Forest Lake area Girl Scouts will be out raking leaves on Saturday, Oct. 13.
The project will raise awareness of the chain reaction that occurs when leaves and grass clippings are allowed to go down storm drains. The debris goes directly into the local watershed and promotes algae overgrowth.
The girls hope to improve the local water quality and help ease the burden of fall debris clean-up on city budgets.
During the event, girls will rake leaves in parks and public places, distribute door hangers to inform the public about ways to help, and mark storm drains with a message to remind the public that what goes down storm drains ends up in local rivers and lakes.
The project is part of the Centennial Day of Service 2012 Take Action Project, celebrating 100 years of Girl Scouting.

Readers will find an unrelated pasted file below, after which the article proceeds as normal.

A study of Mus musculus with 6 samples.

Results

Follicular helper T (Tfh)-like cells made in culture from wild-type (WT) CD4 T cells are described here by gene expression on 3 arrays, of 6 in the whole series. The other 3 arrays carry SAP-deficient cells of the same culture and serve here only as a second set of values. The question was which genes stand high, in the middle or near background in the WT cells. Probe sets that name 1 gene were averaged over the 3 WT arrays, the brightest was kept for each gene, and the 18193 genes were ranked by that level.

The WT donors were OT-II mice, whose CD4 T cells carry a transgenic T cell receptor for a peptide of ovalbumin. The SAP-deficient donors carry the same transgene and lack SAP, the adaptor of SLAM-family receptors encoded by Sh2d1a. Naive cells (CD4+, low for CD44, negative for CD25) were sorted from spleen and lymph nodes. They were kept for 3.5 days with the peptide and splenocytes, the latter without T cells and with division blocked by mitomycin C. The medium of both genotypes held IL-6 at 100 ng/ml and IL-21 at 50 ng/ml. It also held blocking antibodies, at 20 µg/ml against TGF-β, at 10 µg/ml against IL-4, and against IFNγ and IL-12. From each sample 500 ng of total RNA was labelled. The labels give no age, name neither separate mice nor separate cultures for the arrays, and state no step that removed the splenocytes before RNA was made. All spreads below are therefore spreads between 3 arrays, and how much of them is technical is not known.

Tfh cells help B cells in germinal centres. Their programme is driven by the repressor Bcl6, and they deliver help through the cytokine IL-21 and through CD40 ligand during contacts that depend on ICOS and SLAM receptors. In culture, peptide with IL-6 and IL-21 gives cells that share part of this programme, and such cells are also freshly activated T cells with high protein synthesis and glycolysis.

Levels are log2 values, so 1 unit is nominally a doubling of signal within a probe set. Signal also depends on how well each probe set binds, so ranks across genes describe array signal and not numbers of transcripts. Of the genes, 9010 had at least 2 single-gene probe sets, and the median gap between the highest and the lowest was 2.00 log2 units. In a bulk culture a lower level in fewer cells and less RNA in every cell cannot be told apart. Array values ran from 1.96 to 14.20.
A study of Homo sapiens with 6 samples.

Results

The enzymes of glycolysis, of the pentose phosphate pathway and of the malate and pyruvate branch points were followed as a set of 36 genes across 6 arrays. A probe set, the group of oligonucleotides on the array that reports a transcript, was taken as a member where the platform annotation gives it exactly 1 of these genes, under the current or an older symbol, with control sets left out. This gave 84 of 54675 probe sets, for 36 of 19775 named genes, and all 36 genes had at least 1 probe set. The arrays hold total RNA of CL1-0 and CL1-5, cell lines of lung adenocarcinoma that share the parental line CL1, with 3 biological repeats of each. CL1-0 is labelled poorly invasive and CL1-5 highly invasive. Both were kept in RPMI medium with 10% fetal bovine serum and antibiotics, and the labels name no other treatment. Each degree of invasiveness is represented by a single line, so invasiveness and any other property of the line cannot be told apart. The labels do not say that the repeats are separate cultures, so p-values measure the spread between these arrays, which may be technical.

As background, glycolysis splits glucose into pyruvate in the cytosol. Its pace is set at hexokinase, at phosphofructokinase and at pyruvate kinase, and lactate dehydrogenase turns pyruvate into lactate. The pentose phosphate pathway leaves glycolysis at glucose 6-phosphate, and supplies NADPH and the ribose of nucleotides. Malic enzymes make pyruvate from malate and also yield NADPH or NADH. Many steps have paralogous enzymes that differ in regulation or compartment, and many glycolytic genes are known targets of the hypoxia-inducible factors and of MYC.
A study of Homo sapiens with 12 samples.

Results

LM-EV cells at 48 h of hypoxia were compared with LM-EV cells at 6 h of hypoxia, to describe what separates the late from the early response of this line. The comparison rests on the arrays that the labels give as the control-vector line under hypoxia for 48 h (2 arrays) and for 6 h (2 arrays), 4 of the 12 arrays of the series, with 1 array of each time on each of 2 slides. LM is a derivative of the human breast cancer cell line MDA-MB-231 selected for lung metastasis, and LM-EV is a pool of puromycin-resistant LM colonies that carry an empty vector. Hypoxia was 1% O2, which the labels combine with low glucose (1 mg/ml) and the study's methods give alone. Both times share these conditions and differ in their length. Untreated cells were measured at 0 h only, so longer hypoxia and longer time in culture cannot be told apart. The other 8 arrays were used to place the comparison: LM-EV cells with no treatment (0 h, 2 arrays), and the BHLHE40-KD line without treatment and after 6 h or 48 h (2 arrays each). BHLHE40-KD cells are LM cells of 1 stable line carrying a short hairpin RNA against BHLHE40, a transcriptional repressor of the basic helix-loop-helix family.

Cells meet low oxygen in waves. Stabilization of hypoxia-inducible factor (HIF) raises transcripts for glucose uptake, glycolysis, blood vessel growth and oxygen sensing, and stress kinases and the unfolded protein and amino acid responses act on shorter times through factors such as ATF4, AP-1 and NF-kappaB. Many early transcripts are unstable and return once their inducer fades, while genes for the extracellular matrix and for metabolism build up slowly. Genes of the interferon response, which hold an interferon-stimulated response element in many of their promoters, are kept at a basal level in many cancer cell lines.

In 49 counties, more than 30,000 Scouts and adult volunteers will work to raise awareness about simple steps that can improve local water quality.
The Girl Scouts want to remind people that when grass, leaves and pet waste travel to waterways through storm drains, phosphorus is created by the decaying leaves.
The extra phosphorus burden in a lake causes excess algae growth, turning the clear water green. As a result, oxygen levels in the water are reduced, making it hard for fish and other animals to survive.
The goal is to stop 20,000 pounds of phosphorus from ending up in local waterways, preventing 10 million points of algae growth and saving $6 million in clean-up costs.
The participating Girl Scouts will also work toward earning a water quality patch.
The project is sponsored by 3M in partnership with the Freshwater Society.
Current Girl Scouts and girls interested in joining Girl Scouts can sign up to participate in this event until October 5. Call Melinda Peterson, CTap Coordinator, at 651.795.9214.
For more information about Girl Scouts and the Centennial Day of Service 2012 Take Action Project, go to GSRV100.org.